Airline Crew Don't Want You To Know They Secretly Enjoy Turbulence For This Reason

"The Captain has turned on the Fasten Seatbelt sign ... " That sentence isn't something passengers want to hear during a flight. But if you've flown before, you've probably heard it at least once. Turbulence happens on most flights, and it is usually less of a big deal than it feels like.

But you might not have heard the more serious announcement that "Flight Attendants will now return to their seats ... " You'll hear this during moderate turbulence, and some flight attendants really look forward to it. That's right. Some cabin crew like a bit of rollercoaster action when they're in the air. But why? Several flight attendants say it's because they get to sit down and rest. Former Emirates Flight Attendant Jay Robert tells the Daily Mail that "for operating flight attendants, moderate turbulence often brings a welcome break time where we can sit down and have a timeout from requests."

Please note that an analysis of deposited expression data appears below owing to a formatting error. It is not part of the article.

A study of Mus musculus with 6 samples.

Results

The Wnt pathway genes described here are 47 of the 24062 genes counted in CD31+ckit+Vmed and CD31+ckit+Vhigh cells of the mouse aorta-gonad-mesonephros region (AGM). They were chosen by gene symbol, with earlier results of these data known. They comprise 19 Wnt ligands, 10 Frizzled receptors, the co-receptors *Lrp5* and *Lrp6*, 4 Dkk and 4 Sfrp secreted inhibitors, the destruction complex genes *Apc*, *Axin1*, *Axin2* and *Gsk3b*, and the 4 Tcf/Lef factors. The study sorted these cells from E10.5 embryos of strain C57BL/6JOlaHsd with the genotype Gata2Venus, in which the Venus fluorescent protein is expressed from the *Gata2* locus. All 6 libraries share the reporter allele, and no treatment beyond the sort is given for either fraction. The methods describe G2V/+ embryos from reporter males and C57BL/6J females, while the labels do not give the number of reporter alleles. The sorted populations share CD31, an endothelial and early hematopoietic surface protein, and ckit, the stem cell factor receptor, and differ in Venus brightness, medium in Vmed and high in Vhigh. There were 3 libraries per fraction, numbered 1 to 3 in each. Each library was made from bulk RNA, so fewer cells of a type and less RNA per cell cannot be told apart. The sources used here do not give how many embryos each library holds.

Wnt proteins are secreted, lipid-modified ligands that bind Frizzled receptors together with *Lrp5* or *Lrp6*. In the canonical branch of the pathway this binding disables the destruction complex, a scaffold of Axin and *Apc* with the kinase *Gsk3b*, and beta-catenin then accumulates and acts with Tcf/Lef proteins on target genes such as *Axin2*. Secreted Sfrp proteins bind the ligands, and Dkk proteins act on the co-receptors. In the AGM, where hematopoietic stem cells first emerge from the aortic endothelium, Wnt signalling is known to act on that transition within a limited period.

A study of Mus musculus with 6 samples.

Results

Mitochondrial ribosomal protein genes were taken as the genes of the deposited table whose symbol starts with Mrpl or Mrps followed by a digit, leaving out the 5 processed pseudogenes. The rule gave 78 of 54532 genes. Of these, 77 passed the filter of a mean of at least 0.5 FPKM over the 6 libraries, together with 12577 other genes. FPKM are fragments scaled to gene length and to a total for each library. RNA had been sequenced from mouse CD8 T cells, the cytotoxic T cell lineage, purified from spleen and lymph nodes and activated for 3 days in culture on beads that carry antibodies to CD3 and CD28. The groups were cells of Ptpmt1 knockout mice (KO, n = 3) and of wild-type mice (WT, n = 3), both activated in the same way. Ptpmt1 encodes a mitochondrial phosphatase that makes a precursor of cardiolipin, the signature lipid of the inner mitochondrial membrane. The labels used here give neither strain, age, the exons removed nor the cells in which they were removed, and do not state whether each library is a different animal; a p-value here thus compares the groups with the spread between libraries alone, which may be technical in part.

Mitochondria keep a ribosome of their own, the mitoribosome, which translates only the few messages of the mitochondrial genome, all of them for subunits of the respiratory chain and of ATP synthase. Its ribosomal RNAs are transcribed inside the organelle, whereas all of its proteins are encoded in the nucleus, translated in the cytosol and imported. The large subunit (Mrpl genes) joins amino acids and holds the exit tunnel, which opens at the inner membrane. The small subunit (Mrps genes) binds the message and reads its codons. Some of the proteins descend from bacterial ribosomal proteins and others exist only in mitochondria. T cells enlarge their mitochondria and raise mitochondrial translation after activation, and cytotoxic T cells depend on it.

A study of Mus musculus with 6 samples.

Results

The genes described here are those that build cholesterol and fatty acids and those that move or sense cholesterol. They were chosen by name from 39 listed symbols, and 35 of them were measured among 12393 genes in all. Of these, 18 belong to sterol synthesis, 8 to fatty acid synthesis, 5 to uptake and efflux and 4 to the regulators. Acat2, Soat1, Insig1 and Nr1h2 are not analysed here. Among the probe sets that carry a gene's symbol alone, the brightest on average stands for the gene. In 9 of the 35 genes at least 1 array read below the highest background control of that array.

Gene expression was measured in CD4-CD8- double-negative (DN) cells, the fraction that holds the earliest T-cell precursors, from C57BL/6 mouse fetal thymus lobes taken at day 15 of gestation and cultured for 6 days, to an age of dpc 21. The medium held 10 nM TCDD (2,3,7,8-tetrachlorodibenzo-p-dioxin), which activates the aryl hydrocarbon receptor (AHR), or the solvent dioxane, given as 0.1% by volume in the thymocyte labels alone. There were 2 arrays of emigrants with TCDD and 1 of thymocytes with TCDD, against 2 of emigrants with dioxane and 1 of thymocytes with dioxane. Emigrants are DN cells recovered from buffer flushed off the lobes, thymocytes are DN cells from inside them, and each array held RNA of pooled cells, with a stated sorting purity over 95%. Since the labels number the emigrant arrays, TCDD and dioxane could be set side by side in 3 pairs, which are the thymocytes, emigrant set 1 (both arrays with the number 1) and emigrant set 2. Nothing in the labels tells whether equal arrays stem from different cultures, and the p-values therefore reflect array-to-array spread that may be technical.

Before you start thinking that flight attendants are lazy, consider the physical demands of the job. The food and beverage cart can weigh up to 60 pounds. And flight attendants can clock up over 11,000 steps on a 13-hour flight, according to a 2022 study by Simple Flying. And they are not wearing sneakers while doing that workout. They have their feet crammed into dress shoes or high heels. They deserve a sit-down.

Does turbulence always stop service?

As you might know, service often continues during turbulence. If turbulence is deemed "light," passengers must remain seated with their seatbelts fastened, but the crew can carry on. Flight attendants are advised to be careful when serving hot beverages, and they might stop serving hot drinks altogether if they think it's unsafe. No one wants a hot cappuccino in their lap. Basically, light turbulence prevents passengers from roaming around the galley, not the crew.

When turbulence escalates to "moderate," flight attendants are in luck. Usually, they will quickly check the galley for unsecured objects and ensure passengers' seat belts are fastened. And then they'll sit down. During this brief window, cabin crew cannot serve passengers and don't have to respond to the call bell, enjoying a break from annoying in-flight behaviors from passengers. Moderate turbulence doesn't concern most crew members. It's just a time for flight attendants to sit back and relax.